It is high time the Wallabies took a bounce in an upward direction. After eight defeats in the past nine Tests to the end of 2005, they mean to do so with a squad bearing a fresh look and a brand-new coaching team comprising three strident voices more familiar to British ears of late than Aussie ones.
The head honcho is John Connolly, recently of Bath, with another man not long gone from the Rec in Michael Foley to take the forwards and Scott Johnson, erstwhile darling of the Welsh, in charge of the backs. Speaking from the team's camp in Coffs Harbour, Johnson admitted there was some settling in still to do as the Wallabies contemplate a schedule of nine Tests in 13 weeks.
"I coached a great bunch with Wales and we got on," says Johnson. "There's a great deal you can do if you get on, and we're getting to know these players and they're getting to know us. A big part of my coaching is getting them together."
And how about getting the coaches on the same wavelength? Johnson agrees with the contention that Connolly's personality is reminiscent of the publicly taciturn Steve Hansen, the New Zealander he worked with in Wales. At the risk of being simplistic, is there a clash between Connolly's emphasis on forward grunt and Johnson's love affair with back-division dazzle?
"You know, the old guy's coming my way," says Johnson with a laugh. "I'll fight my corner and he'll have the same intention, and the beauty is we're trying to achieve the same thing and get a competitive side. We want to represent what Australians are, and the Australian mentality is to want to play."
Connolly has already broken with the practice of his predecessor, Eddie Jones, by taking the squad away from Coffs Harbour to Sydney this week to prepare for Sunday's First Test with England - the Second is in Melbourne six days later. The vice-captains Stirling Mortlock and Daniel Vickerman are back after missing the autumn tour.
English memories dwell squarely on Twickenham last November and a Wallaby pack buckling at the scrum. The Aussies are crying out for someone to front up in the front row, and Connolly has cast his net over props Guy Shepherdson, Rodney Blake and Benn Robinson: all under 25 and untried in Tests. There are nine international rookies in a squad of 34 which includes Matt Giteau despite the inside-centre being likely to need further rest to get over a knee operation.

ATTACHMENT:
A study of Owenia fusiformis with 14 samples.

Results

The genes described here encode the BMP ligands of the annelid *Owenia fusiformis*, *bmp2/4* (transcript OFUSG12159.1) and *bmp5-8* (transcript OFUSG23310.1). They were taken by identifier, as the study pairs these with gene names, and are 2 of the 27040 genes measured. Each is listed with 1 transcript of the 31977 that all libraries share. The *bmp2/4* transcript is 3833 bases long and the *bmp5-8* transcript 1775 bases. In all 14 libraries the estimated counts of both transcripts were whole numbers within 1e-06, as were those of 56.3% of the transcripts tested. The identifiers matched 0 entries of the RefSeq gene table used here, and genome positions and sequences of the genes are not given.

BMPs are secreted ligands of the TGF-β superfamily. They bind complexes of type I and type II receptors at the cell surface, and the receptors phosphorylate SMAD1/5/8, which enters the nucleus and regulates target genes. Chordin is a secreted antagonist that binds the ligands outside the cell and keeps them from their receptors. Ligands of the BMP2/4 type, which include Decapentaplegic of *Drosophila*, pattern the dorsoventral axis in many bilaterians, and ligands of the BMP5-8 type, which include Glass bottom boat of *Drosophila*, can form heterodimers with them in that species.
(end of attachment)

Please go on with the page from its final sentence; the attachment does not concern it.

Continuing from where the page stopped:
A fair amount of attention has centred on the fast-improving Blake of the Queensland Reds - aka "Rodzilla" - who has shed 20kg in becoming a still far- from-slimline 130kg. "He's a great player who's learning his art," says Johnson. "In a couple of years' time the world might be taking notice of Rodney, because he's different and brings something to the game.
"I've come back and been surprised how big our forwards are; they are as big as anyone's. So it must be a technical thing, and that's Michael Foley's speciality. I always say it takes 500 hours to learn a new skill, so divide that by the number of training sessions we've got and work out how long it might take. But we're progressing all the time. We acknowledge the team lost last year but they had horrendous injuries and they competed in every Test they played."
Only six of England's touring squad are uncapped, so arguably they have an advantage, although Australia have the redoubtable George Smith and Phil Waugh in the back row.
"Come World Cup time we want to make sure we've got the right miles on the clock," says Johnson. "We've got nine tough Tests with England twice, Ireland, and then the expanded Tri-Nations. There's a lot of travel in there too." It suggests a sharing around of duties, so not even George Gregan, the 33-year-old scrum-half and captain, can be sure of every start.
Even so, Johnson is a fan. "George is getting near to the inevitable but he's still fighting for his place and he certainly warrants it on his form." Gregan's version, as he eyes the two Tests he needs to pass Jason Leonard's world record of 119, is cautious: "There are a lot of players who are going to be exposed to this level for the first time."
The Johnson we got to know with Wales as their skills coach and latterly caretaker boss was a man who valued sport over nat-ional boundaries. The only anthem he fancied singing pre-match was a global one. Still, he is glad to be back. "My son Jarrah's now settled, which I'm really happy about. He's 17, he loves his dad being home and his dad loves being around his son."
Johnson's wife passed away 15 years ago but he has brought an English girlfriend, Judy, to the family home on the Central Coast north of Sydney, so easing the burden on his mother. "I miss the UK and my intention is to get back there at some stage," says Johnson. But with ever-present good humour, he roars: "I'm thinking of getting a T-shirt printed: 'Go home you Poms'!"